Dennis, Nigel 1912–
Dennis, a British novelist, playwright, poet, and essayist, is probably the best satirist to emerge in Britain since Wyndham Lewis. In America his fame rests largely upon one novel, Cards of Identity, a satirical fable that has been cited as a minor classic. (See also Contemporary Authors, Vols. 25-28, rev. ed.)
Cards of Identity is an ambitious satire, partly allegorical, which is weakened in the end by the purely negative values underlying it. The Identity Club has its yearly conference at a large country mansion and, using modern techniques of psychological persuasion, the members of the Identity Club persuade the owners of the mansion and the local doctor to accept the roles of old family servants. Papers are delivered, anecdotes about identity-changing or the assumption of fantasy identities are told, and the performance of a mock-Elizabethan play leads eventually to the murder of the Club President and his suppression by a younger and more ruthless rival. The satire is ambivalent; it is partly satire on modern means of mass persuasion, and on the uneasiness which many people feel today unless they can adapt themselves to a stereotyped role. But the cruel and frivolous members of the Identity Club seem to be regarded by Mr. Dennis with a certain Nietzschean complicity, and the ruthlessness of the whole scheme is in the end distasteful. Mr. Dennis lacks that basic sympathy with the human weaknesses which make up human nature…. [His first novel, Boys and Girls Come Out to Play,] remains a disagreeable and rather over-elaborated but powerful and sourly amusing book. (p. 172)
G. S. Fraser, in his The Modern Writer and His World (copyright © 1953, 1964 by G. S. Fraser), Andre Deutsch, 1964.
["A House in Order," a] novella (if parable isn't a better word), comes at a time that is hardly momentous for the literature of captivity and breakaway, a time when all the false uniforms have been moth-eaten into dust. The odds are that now-it-can-be-told no longer finds ears flapping to hear it. Nigel Dennis has written an escape story that is not topical on those terms. On which other terms he intended it to be judged is far from clear.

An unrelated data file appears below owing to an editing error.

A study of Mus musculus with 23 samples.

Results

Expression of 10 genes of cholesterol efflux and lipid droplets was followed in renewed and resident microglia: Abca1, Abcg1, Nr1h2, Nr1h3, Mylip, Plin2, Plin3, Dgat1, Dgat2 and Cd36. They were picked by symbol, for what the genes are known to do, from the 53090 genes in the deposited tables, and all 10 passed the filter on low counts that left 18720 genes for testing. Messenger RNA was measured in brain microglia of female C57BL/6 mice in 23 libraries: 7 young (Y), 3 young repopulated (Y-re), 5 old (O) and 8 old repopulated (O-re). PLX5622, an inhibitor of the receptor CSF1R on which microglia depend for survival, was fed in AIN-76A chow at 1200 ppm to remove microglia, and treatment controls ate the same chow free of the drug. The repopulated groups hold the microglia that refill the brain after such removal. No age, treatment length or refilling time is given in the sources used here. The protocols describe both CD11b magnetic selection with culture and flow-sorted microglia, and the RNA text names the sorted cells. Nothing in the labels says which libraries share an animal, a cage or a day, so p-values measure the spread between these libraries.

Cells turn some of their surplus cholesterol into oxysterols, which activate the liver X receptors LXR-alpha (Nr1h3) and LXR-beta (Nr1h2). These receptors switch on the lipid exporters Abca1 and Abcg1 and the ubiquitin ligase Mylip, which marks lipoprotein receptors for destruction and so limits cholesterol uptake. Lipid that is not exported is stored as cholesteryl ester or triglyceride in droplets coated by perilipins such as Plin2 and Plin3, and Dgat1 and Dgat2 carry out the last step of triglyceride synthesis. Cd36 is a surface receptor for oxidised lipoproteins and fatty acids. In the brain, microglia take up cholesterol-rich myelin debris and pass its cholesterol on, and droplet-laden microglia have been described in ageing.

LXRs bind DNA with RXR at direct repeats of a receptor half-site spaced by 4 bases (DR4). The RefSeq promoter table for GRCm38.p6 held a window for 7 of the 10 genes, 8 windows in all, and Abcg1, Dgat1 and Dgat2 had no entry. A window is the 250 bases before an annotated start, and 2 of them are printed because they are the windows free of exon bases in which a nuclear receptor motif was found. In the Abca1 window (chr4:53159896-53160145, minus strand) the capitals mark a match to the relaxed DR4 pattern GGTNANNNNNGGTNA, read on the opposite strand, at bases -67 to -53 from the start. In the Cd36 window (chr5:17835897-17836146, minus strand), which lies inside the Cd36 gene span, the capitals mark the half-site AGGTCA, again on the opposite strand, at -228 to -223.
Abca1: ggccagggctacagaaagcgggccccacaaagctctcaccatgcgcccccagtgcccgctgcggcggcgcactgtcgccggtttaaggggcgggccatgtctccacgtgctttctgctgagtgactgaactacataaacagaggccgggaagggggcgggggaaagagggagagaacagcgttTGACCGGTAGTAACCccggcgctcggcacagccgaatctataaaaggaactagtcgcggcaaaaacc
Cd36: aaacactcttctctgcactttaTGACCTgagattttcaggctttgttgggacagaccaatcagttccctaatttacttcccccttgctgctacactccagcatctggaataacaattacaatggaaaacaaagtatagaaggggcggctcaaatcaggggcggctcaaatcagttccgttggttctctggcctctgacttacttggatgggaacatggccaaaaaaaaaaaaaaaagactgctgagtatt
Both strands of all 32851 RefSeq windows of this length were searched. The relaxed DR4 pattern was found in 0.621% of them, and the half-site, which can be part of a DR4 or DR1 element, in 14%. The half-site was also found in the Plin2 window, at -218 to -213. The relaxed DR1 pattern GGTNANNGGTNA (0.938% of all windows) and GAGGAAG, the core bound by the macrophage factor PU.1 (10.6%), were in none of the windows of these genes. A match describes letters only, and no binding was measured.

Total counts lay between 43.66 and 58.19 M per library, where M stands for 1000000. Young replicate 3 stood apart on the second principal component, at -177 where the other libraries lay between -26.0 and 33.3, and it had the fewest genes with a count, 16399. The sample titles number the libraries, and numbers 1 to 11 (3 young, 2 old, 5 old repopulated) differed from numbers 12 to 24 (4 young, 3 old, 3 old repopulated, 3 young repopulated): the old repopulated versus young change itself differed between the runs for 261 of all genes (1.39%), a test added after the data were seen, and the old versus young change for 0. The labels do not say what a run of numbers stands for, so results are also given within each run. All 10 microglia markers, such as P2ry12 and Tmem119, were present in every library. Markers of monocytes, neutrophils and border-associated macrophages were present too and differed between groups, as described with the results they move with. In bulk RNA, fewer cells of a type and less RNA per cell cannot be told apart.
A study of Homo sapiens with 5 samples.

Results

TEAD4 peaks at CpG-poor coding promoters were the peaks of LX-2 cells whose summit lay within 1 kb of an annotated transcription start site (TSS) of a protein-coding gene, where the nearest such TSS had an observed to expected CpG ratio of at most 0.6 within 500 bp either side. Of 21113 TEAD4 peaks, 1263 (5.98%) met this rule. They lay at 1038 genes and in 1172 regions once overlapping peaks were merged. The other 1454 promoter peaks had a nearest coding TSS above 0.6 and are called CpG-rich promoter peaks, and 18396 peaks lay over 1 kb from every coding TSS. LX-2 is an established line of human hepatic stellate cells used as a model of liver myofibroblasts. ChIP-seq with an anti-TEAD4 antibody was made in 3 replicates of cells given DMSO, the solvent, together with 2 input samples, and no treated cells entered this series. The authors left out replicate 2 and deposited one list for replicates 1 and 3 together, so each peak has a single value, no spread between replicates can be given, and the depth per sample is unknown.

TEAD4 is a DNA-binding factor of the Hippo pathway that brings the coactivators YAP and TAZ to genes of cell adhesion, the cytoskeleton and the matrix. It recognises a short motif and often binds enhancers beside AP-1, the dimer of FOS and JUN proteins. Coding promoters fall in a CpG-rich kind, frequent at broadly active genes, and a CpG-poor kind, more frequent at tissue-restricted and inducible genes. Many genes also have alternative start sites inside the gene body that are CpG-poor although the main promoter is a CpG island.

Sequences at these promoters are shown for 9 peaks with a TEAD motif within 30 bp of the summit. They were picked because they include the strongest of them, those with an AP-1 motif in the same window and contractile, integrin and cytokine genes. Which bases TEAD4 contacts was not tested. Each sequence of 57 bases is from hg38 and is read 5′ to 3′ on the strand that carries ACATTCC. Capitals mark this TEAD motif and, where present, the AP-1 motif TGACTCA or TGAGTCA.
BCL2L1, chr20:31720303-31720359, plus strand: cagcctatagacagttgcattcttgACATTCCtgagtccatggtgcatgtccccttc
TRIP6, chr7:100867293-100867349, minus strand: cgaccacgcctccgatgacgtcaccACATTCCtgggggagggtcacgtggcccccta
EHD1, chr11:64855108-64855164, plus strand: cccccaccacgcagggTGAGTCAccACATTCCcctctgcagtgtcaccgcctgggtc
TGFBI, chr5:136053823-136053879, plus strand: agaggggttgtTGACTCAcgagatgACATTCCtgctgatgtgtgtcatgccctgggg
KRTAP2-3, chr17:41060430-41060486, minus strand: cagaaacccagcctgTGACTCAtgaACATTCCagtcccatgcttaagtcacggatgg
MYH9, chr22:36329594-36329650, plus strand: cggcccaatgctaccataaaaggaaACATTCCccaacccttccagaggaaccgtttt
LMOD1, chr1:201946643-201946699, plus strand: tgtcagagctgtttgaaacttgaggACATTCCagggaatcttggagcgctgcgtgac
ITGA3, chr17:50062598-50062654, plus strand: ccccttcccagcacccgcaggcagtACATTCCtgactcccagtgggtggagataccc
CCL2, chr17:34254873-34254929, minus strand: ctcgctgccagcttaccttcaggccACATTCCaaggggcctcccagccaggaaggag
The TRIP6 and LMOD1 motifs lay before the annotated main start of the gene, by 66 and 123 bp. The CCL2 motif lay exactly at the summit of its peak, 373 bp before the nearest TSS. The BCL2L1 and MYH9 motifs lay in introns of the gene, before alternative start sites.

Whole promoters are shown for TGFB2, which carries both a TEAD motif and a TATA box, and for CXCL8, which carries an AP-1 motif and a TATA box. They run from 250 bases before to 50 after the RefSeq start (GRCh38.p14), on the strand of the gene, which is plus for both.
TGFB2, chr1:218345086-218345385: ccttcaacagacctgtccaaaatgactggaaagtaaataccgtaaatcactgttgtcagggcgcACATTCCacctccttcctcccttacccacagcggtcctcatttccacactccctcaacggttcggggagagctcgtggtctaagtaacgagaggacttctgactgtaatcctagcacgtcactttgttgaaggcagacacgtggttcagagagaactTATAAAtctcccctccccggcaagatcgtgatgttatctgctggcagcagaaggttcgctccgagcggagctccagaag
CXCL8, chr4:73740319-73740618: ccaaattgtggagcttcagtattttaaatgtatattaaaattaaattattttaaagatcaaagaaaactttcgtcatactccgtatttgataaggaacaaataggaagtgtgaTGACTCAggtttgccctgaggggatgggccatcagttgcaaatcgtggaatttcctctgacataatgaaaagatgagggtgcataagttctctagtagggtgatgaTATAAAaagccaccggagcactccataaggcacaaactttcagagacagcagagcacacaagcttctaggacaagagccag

His pivotal character is an army cartographer ["X"], an unbelievably craven P.O.W., who betrays no one, reveals nothing of value to the enemy, and yet stays alive and unharmed through efforts that ultimately approach the heroic. It is a strange little story….
If the author's object was to prove that they also serve who only shiver and wait, that an accidental valor can be spawned by extreme cowardice, then why the queer, unworldly menace of the formative chapters? The occupational intriguing of the Colonel, the Commandant, and the Deputy Commissioner of Prisoners of War, is presumably relevant to the character of their captive, but it is hard to see how. Indeed the coexistence of the first two officers on the same site—for so long—needs some explaining. Apprehensive though he is, the prisoner himself appears to be wondering who is in charge around here. If he were a theatergoer, he might suspect that it was lonesco….
In readability and general competence the book is up to the standard Mr. Dennis set with his memorable "Cards of Identity." But if we are to take a clarity measurement—temp. approx. 50 degrees.
Frank Littler, "The Ordeal of X," in The New York Times Book Review (© 1966 by The New York Times Company; reprinted by permission), October 30, 1966, p. 73.
In its comic, inventive and somewhat heartless fashion, Cards of Identity probes at contemporary dilemmas: its satirical examination of the way in which the traditional symbols of English identity are losing their validity is an important part of its meaning. Nigel Dennis is one of the most accomplished and idiosyncratic of living English novelists, and in his most recent novel, A House in Order, he continues to dwell on the question of identity in a way that is at once more personal and less culturally specific than in Cards of Identity, though it is an equally distinguished work. (p. 74)
Bernard Bergonzi, in his The Situation of the Novel (reprinted by permission of the University of Pittsburgh Press; © 1970 by Bernard Bergonzi), University of Pittsburgh Press, 1970.